Career Advice for Women: Life Happens -- Learn From It

11/22/2011 11:53 am ET | Updated Jan 22, 2012

1. Don't choose what to do. (Choose what NOT to do -- quickly.)

My career has been propelled most by the times I started down a path, realized it was not a good fit and quickly chose NOT to do it anymore. Even when that decision was painful, risky or counter-intuitive.

Four months into a fellowship, I realized I didn't want to spend seven years getting a Ph.D. and then be a professor. I walked away from that fellowship, and walked into a K-12 teaching job that introduced me to strategic planning, education and technology -- three areas I found a passion for that would remain constant throughout my career.

A job I moved across the country for turned out to be far slower-paced than my energy level required. So I left mid-year for a position at an Internet start-up, and spent four years in the Internet boom getting an on-the-job Ph.D. in organizational change.

2. Gender doesn't matter. (Having kids matters a lot.)

Well, to be fair, gender does still matter, but having kids matters more when it comes to career paths. Through my own childhood and college years, I believed that as a woman in the modern era I could be anything I wanted to be. After I received my degrees from the University of Chicago, I got married, got a job, and still didn't see any reason to shed my belief that women had made it.

And then we had a baby.

While pregnant, my proposal to go half-time from a fifty-hours-a-week job was turned down. I found a part-time job somewhere else, but was laid off the day I came back from maternity leave. Five days after our daughter was born, my husband went back to seventy-hour work weeks at his law firm, leaving little room for him to be involved with the baby, or for me to search for, let alone take, a new job.

Before I'd gotten pregnant, I'd been gunning for an executive job. Only six months into being a mother, I despaired about getting and keeping any job. I had to confront a few realities; here are two of them.

  • Mothers don't work like everyone else. Yes "most mothers work today," but only half of mothers work over 35 hours a week while 90 percent of fathers work that much. Mothers just don't fit into the outdated 50-hours a week job model because they are still doing most of the family work.
  • Mothers experience bias in the workplace. A study from Cornell showed that mothers were far less likely to be hired than others with equal resumes and were offered lower starting salaries. Fathers, on the other hand, were not penalized for being a parent and sometimes benefitted from having children.
Understanding the unpleasant reality of how motherhood impacts my career gave me the motivation to forge my own path, start my own business and in the process find ways to do the work I loved for organizations like non-profits and public school districts that I truly cared about.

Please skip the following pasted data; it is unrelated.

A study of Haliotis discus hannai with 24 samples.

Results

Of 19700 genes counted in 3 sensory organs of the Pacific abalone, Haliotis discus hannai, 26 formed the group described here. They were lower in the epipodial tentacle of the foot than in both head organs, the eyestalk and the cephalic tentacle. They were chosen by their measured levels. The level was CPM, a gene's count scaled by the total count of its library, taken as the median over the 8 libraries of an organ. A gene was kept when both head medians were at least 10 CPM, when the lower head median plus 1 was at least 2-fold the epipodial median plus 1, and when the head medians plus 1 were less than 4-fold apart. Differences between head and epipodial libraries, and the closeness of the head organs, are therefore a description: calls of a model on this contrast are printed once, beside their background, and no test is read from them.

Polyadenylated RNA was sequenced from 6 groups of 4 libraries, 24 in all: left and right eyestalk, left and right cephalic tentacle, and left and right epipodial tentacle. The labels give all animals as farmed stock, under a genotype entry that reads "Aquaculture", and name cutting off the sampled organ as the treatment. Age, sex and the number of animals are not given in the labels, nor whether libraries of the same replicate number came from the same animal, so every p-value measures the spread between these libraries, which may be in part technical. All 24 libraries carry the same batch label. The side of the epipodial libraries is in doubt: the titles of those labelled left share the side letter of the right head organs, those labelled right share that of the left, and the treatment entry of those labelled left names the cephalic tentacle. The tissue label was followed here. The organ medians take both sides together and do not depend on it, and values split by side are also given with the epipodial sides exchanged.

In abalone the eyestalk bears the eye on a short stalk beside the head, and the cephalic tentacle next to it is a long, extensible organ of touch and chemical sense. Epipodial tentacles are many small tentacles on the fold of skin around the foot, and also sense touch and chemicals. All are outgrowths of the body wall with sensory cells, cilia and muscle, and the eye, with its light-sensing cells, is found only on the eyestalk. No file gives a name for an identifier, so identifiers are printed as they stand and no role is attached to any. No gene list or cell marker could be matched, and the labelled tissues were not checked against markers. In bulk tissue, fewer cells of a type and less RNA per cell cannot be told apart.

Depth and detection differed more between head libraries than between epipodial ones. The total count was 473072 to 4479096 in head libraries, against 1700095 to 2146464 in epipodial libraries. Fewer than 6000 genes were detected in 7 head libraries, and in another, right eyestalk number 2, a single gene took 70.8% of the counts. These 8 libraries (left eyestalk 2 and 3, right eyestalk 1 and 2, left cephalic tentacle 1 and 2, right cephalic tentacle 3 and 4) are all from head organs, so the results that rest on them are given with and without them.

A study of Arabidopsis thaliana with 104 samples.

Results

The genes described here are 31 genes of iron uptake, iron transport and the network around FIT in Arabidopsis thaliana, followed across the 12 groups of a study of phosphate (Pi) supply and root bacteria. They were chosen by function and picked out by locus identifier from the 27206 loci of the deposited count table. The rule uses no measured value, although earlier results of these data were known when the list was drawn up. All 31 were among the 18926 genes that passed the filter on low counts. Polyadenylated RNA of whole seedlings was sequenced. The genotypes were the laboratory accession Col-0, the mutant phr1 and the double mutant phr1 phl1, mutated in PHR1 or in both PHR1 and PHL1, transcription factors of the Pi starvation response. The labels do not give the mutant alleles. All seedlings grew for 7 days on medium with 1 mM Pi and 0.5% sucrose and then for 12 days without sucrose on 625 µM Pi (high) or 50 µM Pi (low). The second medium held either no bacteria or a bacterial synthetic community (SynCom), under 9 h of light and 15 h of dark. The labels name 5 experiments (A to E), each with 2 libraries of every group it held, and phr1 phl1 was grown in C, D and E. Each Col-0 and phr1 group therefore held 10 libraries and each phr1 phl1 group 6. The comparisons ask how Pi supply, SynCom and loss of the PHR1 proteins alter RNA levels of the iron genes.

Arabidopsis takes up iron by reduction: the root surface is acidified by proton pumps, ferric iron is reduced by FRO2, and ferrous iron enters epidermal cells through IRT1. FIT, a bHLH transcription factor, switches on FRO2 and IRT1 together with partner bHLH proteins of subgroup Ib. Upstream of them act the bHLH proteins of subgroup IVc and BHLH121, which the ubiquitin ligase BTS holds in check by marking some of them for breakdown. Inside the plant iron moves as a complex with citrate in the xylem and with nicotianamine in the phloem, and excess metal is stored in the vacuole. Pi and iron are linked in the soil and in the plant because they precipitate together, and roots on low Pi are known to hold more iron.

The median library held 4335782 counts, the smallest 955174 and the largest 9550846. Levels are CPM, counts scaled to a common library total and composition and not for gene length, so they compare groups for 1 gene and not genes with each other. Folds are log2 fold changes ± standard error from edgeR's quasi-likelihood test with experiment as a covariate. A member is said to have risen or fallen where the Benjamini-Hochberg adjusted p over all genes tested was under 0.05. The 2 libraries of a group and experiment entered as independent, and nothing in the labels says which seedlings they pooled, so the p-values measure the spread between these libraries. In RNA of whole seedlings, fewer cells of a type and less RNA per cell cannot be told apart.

3. My career is not my problem. (It's our problem.)

After we had our daughter, I spent several years feeling angry and resentful at the hit my career took. I agonized about how to get my career back on track. It took me a while to get beyond my own pity party to notice that like most fathers today, my husband was feeling major conflicts between work and family, too. He never saw his daughter, and his wife was constantly yelling at him for not being around more, all while he was trying to succeed in a demanding job.

My career wasn't my problem. Our careers were our problem.

I couldn't go up from zero hours a week unless he could come down from seventy hours. Figuring out an employment option for me was inextricably connected to figuring out a different employment option for him. If he was going to have time with our daughter, if I was going to have time to be employed, if we were going to have more time together, his employment had to change.

So we set about the long, hard work of clearly defining our ideal family workweek (about 75 hours a week at the time) and taking the steps to get there. When life changes, which it always does, we return to talking about what our ideal is and how to get there and we adapt -- together.

What career lessons have you learned along the way?

KRISTIN MASCHKA is the best-selling author of This is Not How I Thought It Would Be: Remodeling Motherhood to Get the Lives We Want Today and a heads her own consulting firm in organization development and change leadership. Kristin brings a fresh perspective and authentic voice to the issues at the heart of family and community life today: modern motherhood and fatherhood, public education, community organizations, worklife issues, personal finance and economics, technology and business. This is cross-posted from her blog.